Lemon Shark

(Negaprion brevirostris)

Habitat and Distribution: Found in tropical coastal waters of the western Atlantic, eastern Pacific and Indo-Pacific oceans. They are usually found in shallow water (up to 275 feet deep) around coral reefs, mangrove forests, or estuaries.

Size: 6-10 feet long; up to 450 pounds

Wild Diet: Mollusks, fish, crabs, shrimp, seabirds, smaller sharks and rays

Predators: Humans and larger sharks

Reproduction: Lemon sharks are viviparous, meaning that their young are born live. They are ready to mate around 6 years of age and usually mate in spring. After a 10-12 month gestation period, females return to nursing grounds to give birth to 4-17 pups. Pups remain in the nursing grounds, a shallow area of a few square miles, for several years.

Behavior: Lemon sharks are diurnal. When resting on the sea floor, they allow cleaner wrasses to clean parasites from their gills and skin. They will even stop the movement of their gills for up to two minutes to help the wrasses do their job.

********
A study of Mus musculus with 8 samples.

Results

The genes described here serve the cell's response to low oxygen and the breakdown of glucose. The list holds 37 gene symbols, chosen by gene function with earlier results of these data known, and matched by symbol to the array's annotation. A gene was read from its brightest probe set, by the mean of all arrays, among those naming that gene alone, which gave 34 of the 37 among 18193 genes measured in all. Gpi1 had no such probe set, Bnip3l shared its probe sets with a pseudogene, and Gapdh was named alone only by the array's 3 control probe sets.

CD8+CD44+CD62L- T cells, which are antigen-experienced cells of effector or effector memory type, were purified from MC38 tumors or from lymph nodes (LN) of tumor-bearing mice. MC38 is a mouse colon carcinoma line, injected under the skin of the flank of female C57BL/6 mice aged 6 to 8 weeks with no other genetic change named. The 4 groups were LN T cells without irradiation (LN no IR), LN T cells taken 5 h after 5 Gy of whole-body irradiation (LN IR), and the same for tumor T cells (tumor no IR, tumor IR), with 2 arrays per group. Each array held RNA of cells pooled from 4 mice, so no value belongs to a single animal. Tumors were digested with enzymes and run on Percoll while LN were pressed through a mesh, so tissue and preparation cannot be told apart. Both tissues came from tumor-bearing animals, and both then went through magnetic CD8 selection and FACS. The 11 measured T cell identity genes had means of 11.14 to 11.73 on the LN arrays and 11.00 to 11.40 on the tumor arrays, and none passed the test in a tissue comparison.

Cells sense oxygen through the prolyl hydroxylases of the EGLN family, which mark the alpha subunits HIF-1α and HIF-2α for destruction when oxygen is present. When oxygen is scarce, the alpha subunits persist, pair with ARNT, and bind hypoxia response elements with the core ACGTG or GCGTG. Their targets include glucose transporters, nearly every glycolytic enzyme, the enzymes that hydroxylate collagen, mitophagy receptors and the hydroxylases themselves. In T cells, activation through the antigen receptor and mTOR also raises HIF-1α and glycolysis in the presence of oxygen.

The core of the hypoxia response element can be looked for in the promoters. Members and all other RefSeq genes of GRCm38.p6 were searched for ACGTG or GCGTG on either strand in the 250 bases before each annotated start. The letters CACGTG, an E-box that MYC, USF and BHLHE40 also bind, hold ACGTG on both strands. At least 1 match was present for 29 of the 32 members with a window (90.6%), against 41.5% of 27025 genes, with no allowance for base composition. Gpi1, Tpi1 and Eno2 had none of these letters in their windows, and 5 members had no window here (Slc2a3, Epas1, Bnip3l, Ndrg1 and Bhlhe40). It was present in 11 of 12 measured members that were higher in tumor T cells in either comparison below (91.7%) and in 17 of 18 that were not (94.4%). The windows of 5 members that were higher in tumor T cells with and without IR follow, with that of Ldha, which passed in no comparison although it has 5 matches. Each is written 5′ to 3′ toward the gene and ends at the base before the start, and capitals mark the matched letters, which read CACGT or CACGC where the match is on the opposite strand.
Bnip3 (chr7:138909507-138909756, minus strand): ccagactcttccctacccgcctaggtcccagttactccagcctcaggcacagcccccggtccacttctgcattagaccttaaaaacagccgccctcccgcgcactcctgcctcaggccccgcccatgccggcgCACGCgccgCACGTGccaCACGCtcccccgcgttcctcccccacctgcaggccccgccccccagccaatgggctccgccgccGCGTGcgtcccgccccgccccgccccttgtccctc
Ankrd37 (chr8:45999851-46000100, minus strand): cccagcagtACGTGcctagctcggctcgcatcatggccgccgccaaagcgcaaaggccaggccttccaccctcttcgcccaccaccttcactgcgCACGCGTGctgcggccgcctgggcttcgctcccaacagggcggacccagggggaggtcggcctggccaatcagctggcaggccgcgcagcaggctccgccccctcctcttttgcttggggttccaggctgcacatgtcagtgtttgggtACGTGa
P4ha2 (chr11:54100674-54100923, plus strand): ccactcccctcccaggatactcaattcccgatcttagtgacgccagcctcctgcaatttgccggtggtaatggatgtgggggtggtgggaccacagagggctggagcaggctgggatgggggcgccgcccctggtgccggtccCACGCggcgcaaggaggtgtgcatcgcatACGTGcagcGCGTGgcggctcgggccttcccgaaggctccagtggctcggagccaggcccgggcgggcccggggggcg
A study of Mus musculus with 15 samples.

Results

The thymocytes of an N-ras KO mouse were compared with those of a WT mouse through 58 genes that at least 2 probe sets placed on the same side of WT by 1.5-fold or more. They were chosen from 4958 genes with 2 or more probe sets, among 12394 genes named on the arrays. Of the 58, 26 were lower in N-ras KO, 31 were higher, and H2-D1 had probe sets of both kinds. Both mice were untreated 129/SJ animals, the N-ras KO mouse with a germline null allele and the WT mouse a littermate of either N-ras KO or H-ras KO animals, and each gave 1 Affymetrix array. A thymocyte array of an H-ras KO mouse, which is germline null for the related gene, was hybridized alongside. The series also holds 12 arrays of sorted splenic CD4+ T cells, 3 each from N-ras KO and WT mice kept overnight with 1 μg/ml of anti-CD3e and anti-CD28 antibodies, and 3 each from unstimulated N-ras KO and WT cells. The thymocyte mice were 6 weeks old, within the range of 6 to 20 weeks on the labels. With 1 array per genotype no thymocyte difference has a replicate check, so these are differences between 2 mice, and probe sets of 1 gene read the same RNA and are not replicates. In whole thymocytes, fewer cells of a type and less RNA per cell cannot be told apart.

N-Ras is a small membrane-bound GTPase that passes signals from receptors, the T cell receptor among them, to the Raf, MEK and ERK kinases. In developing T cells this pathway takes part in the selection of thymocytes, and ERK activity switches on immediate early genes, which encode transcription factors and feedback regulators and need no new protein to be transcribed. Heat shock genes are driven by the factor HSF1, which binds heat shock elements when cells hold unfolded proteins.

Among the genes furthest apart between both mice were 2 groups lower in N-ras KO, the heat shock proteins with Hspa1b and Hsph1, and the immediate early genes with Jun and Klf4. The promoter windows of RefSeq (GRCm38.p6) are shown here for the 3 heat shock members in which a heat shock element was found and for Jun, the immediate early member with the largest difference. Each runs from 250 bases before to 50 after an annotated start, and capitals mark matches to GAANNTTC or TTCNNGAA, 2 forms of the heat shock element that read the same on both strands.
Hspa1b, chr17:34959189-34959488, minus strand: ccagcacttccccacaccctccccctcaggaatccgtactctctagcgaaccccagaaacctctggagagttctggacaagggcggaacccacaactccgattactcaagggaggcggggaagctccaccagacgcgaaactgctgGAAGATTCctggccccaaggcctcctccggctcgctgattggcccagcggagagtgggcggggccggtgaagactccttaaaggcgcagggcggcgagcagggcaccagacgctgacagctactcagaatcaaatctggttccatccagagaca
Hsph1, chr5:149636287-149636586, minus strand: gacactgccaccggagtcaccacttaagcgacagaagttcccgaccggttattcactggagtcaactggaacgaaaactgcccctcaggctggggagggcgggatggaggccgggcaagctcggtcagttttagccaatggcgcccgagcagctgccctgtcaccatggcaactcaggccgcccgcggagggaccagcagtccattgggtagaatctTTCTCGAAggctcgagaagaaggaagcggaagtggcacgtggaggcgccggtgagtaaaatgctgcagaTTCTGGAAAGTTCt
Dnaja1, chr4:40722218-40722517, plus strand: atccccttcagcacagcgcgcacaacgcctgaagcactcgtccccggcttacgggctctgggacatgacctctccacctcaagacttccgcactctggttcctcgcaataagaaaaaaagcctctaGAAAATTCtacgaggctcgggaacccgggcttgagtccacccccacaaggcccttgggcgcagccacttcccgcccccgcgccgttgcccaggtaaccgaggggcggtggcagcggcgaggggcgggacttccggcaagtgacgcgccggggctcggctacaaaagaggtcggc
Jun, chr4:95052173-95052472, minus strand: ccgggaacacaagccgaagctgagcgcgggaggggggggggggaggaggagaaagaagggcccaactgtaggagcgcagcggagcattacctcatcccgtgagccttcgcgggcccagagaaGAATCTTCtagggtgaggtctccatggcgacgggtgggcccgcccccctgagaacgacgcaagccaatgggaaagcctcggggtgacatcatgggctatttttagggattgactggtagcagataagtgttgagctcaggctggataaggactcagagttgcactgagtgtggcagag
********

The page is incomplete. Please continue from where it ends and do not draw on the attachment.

IUCN Status: Near Threatened

Lemon sharks are collected by commercial and recreational fisheries along the U.S. Atlantic Ocean, the Caribbean, and the eastern Pacific Ocean. Though some fisheries commonly target this species to harvest its skin and meat, it is also frequently killed as bycatch (accidental catch). Sharks in general reproduce slowly, bear few young at a time, have a long gestation period, and swim great distances to find a mate. So it takes years for their populations to recover from overfishing.

Did you know?

  • There are over 400 species of shark in the world, ranging in size from the 8-inch dwarf lantern shark to the whale shark. Some believe that a whale shark can grow to be up to 65 feet long.
  • Sharks have many rows of teeth. When a front tooth comes loose and falls out, the tooth behind it moves up to take its place. Some sharks grow and lose tens of thousands of teeth in their lifetime.